Nicola Sturgeon grilled on ‘economic cost’ of independence
Ms Sturgeon this week promised to provide a “transformational” increase in NHS funding if her Scottish National Party (SNP) wins in Hoylrood’s May elections. She will use the ballot as a springboard to launch the country towards a second independence vote. Speaking as she launched the party’s manifesto, Ms Sturgeon said frontline NHS spending would increase by at least 20 percent over the next five years.
This would, she said, total £2.5billion.
Yet the plans have already been questioned following a warning from the Institute for Fiscal Studies (IFS) that the sum may not be enough to keep up with spiralling demand.
An IFS analysis said the pledge would amount to a real-terms increase of around 2.1 per year – slower than the Prime Minister’s promise of 3.4 per year to NHS England.
It also suggested more cash “might be needed to keep pace with demographic and cost pressures” that were already placing a strain on the NHS before Covid.
Taxation in Scotland has been a focus of proponents and critics of independence, with all of Ms Sturgeon’s plans needing to raise money from somewhere should the country leave the Union.
While pro-independence figures say independence would allow Scotland to revise its tax system, opponents say the country would have no other choice than to hike taxes in order to raise funds.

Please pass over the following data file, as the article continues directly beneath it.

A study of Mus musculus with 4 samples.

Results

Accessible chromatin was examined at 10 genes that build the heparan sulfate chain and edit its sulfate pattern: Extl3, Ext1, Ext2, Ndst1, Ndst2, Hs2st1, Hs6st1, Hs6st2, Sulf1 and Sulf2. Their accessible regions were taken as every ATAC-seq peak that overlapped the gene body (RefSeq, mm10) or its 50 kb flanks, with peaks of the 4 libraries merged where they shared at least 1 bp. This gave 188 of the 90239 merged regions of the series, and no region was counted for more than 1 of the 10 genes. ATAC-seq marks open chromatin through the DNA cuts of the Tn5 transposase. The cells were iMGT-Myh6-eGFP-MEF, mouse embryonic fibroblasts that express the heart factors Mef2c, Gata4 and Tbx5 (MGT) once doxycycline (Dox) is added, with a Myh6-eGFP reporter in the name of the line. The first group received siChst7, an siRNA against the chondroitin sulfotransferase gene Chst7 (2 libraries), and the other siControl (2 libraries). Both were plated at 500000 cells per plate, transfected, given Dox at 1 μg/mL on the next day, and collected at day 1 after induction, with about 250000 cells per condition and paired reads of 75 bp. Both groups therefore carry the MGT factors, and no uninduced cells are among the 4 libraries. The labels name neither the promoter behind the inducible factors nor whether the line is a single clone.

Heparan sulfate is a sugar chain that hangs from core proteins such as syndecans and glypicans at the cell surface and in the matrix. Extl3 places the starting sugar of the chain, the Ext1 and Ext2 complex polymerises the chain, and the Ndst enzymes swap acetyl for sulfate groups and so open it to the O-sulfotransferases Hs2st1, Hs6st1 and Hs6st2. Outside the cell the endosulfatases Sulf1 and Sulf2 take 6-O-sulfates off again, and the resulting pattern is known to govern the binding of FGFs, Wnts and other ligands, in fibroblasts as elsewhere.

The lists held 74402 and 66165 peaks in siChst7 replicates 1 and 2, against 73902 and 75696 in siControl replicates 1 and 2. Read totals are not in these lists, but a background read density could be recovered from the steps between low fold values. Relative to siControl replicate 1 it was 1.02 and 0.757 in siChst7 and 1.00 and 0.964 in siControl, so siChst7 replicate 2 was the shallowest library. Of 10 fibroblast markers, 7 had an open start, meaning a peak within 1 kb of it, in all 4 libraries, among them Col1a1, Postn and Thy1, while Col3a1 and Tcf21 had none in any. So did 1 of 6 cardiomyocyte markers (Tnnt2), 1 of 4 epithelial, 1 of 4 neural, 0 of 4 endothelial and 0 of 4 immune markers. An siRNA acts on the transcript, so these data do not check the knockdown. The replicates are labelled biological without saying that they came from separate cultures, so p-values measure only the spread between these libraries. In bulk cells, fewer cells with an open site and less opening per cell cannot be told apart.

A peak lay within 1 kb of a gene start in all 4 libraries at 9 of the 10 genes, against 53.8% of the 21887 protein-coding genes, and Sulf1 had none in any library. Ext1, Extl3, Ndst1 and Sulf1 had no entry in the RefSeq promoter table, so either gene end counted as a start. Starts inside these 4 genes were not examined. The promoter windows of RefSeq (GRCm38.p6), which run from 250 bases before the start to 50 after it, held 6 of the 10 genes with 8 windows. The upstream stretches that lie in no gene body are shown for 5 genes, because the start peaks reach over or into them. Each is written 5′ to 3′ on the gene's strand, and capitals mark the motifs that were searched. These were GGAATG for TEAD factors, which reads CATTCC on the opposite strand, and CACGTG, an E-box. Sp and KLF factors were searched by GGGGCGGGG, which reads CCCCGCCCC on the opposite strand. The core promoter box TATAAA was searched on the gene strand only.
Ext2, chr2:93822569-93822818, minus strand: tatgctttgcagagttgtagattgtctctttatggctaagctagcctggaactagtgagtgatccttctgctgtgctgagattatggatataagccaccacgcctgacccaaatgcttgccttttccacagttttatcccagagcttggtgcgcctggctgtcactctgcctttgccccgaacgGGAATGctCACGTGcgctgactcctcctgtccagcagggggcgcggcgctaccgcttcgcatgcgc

Robert Tombs, a British historian, said this would inevitably trickle down to the Scottish people.
“They would end up with a border, with having their trading relations disrupted; they would end up paying more taxes and being poorer.
“Nicola Sturgeon may get a majority of seats in the Scottish Parliament, but she’s not likely to get a large majority of the Scottish electorate.”
Economists have warned that an independent Scotland would need to cut public spending in order to bring in its huge deficit given the large fiscal transfers from the rest of the UK.
A study carried out by economists at the London School of Economics (LSE) found the fallout from independence could not be reversed by rejoining the EU.
Trade costs would soar an estimated 30 percent between Scotland and the UK.
This would be a devastating blow for those north of the border which exported £51.2billion in goods and services to the rest of the UK in 2018, as Britain might choose to buy elsewhere if prices hike.
She added, however, that it would be a “dereliction of duty” to do so during the pandemic.
Prime Minister Boris Johnson has repeatedly refused to entertain the idea of an Indyref2.
In a video speech, Ms Sturgeon said the coronavirus pandemic had “turned life as we know it upside down”.
“Investment in the NHS is already at record levels. But the pandemic has placed exceptional pressures on our NHS – and that requires an exceptional response.
“Over the next parliament, we will increase frontline NHS spending by at least 20 percent. This will deliver an additional £2.5bn for frontline health services – and is almost double what an inflation-only increase would amount to.”